A study on the state of drug diversion in America reveals healthcare professionals are losing confidence in traditional drug diversion detection methods.
Invistics, the leading provider of cloud-based software solutions that improve inventory visibility and analytics across complex healthcare systems and global supply chains, has released a new study on the state of drug diversion in America. Conducted by Porter Research, the results reveal that nearly all healthcare professionals agree that drug diversion is occurring across the country, yet almost half of the professionals who participated in the research still don’t have drug diversion detection programs.
The term drug diversion refers to crimes that involve a prescription medication – this includes drug-seeking behaviors, corrupt prescribing practices and the theft of drugs by healthcare workers. Nearly all survey respondents believe that drug diversion negatively impacts quality of care, has an adverse impact on patient safety and jeopardizes compliance, putting their organizations at risk. At the same time, almost two-thirds say they are only “somewhat confident” in the effectiveness of their organization’s drug diversion program.
“Drug diversion is a tricky issue in today’s healthcare industry. In comparing this year’s survey with the survey results from two years ago, we hoped to find that more progress was being made toward early detection and prevention. Unfortunately, that was not that case,” said Cynthia Porter, CEO of Porter Research. “Too much has stayed the same – over 40 percent of the healthcare facilities represented in this survey still do not have drug diversion programs. Of those with diversion programs, many are still not highly confident in the efficacy and efficiency of their programs.”
- Nine in ten surveyed say they believe their facility’s drug diversion program is the same or even better than other organizations, and two out of three are confident or very confident that their drug diversion program successfully identifies employees that divert drugs; yet, 70 percent of participants said they believe most diversion incidents in the U.S. go undetected.
- When asked to rate their confidence levels on a scale of 1-5 (with 5 being very confident), slightly less than half (47 percent) said they are very confident that the drug diversion program at their facility meets audit requirements for DEA, Board of Pharmacy and Joint Commission.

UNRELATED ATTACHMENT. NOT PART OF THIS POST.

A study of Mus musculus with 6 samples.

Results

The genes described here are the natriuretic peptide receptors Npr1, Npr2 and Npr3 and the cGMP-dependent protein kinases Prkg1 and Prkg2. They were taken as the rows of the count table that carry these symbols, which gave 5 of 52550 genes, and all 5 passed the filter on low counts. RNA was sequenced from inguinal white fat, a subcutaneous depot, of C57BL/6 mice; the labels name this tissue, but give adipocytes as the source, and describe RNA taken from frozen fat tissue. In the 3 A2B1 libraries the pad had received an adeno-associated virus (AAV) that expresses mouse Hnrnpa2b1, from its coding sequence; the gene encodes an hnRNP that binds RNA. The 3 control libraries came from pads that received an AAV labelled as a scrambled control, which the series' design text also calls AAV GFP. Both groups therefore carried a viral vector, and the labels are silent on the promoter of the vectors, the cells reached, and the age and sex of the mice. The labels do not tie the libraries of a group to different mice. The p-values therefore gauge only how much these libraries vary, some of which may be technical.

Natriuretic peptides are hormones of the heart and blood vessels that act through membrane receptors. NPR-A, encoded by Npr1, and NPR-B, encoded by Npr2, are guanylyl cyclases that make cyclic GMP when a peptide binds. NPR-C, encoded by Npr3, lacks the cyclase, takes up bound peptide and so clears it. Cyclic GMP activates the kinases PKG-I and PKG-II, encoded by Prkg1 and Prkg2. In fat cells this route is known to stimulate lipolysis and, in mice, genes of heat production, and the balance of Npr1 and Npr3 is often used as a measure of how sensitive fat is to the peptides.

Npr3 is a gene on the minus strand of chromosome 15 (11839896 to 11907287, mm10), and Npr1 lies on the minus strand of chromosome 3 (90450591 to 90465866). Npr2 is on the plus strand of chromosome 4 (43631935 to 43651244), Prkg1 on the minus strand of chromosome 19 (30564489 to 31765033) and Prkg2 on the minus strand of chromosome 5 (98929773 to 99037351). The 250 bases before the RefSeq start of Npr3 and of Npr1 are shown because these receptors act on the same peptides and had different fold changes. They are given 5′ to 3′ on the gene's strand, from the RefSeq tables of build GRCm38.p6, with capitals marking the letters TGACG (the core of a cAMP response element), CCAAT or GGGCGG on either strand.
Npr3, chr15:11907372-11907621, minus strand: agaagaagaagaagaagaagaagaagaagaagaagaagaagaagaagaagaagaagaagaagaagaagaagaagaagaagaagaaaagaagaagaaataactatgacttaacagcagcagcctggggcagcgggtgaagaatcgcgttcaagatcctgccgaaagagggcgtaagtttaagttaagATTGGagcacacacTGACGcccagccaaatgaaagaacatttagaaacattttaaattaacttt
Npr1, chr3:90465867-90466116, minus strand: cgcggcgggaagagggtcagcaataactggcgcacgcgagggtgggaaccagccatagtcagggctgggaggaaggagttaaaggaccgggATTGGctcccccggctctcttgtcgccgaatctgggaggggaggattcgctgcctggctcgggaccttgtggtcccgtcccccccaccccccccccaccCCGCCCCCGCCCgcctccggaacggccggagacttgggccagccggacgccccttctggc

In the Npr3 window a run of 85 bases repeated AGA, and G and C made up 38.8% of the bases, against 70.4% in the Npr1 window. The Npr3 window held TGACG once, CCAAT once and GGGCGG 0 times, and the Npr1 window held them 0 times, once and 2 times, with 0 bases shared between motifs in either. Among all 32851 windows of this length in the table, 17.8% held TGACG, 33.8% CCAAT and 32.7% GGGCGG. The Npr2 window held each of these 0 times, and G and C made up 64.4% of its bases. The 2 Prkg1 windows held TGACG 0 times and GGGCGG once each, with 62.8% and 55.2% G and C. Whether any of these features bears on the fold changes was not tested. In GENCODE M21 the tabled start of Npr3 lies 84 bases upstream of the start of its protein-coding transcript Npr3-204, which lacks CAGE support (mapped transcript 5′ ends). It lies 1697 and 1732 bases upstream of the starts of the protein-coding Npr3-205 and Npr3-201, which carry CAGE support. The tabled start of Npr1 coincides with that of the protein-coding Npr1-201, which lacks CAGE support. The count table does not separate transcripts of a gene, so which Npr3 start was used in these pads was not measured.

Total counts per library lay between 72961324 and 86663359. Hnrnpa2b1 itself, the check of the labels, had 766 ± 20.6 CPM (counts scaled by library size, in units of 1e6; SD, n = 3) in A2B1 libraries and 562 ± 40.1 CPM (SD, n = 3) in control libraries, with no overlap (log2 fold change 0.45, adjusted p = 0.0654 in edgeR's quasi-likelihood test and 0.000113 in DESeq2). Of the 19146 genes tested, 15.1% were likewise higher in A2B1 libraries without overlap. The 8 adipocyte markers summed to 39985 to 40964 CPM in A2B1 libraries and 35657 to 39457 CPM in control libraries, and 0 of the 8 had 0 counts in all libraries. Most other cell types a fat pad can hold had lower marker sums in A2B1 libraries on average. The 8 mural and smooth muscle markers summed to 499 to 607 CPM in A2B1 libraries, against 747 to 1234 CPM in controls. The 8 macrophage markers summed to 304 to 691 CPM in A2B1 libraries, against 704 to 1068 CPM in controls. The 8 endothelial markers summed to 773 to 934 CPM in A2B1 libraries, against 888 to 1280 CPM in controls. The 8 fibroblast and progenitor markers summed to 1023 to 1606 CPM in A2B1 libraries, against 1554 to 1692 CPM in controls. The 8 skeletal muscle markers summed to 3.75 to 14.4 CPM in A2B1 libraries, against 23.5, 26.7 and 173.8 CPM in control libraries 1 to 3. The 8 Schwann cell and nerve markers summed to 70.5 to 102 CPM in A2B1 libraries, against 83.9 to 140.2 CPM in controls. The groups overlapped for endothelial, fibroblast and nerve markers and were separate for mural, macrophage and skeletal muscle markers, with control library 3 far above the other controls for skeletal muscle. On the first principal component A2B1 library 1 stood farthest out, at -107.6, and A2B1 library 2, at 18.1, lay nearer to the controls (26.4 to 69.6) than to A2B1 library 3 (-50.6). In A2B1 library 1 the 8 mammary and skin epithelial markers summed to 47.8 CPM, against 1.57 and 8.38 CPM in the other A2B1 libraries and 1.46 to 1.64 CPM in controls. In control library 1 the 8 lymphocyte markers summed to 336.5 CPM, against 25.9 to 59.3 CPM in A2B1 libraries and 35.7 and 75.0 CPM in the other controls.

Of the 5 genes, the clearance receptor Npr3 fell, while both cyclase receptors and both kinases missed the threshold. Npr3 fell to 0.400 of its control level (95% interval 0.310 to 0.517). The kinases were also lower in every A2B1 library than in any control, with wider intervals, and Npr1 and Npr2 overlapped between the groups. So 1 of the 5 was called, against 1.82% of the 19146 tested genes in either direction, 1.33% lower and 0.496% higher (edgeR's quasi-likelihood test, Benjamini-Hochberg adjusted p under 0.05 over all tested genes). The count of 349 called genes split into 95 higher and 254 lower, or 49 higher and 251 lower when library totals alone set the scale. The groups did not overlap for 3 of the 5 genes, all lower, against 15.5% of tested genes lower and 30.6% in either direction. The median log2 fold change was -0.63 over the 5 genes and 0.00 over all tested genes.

- A vast majority (86 percent) have met or know someone who has diverted drugs, and 43 percent feel their organization could be at risk from fines, bad press, lawsuits or overdoses due to past or potential drug diversion at their facility.
- Survey respondents are losing confidence in traditional drug diversion detection methods. In the last two years, the percentage of respondents who said ADC reports are effective or very effective at the identification and/or prevention of drug diversion dropped from 78 percent to 52 percent.
- The survey found that healthcare professionals recognize the value of machine learning and advanced analytics solutions. Sixty-five percent say that machine learning software is an effective tool to uncover drug diversion and 84 percent think advanced analytics solutions are effective.
“Despite the awareness of the issue, drug diversion is notoriously difficult to detect,” said Tom Knight, CEO of Invistics. “It’s exciting to see that healthcare executives who want to create stronger drug diversion programs recognize that emerging technologies like advanced analytics and machine learning can help them achieve more accurate, timely results.”
235 healthcare professionals were surveyed in October and November 2019, 138 of whom have a diversion program at their healthcare facility. Survey participants included directors of pharmacy, nursing executives, compliance executives and drug diversion specialists. Porter Research completed this study on behalf of Invistics.
Invistics is the leading provider of cloud-based software solutions for healthcare inventory visibility, providing advanced analytics and actionable insights for hospitals and health systems who want to detect and prevent drug diversion. Invistics’ solution, called Flowlytics®, tracks the movement of drugs across the complex supply chain – from the time they are shipped from the wholesaler to a healthcare facility, then each time drugs are moved throughout the hospital and administered to patients. Atlanta-based Invistics Corporation also provides inventory visibility for manufacturers, distributors, re-packagers and controlled substance registrants, helping to reduce inventory costs and compliance risks within a single facility or across the extended enterprise. Please note any research reported for publication was supported by the National Institute on Drug Abuse of the National Institutes of Health under Award Number R44DA044083. Content is solely the responsibility of the authors and does not necessarily represent the official views of the National Institutes of Health.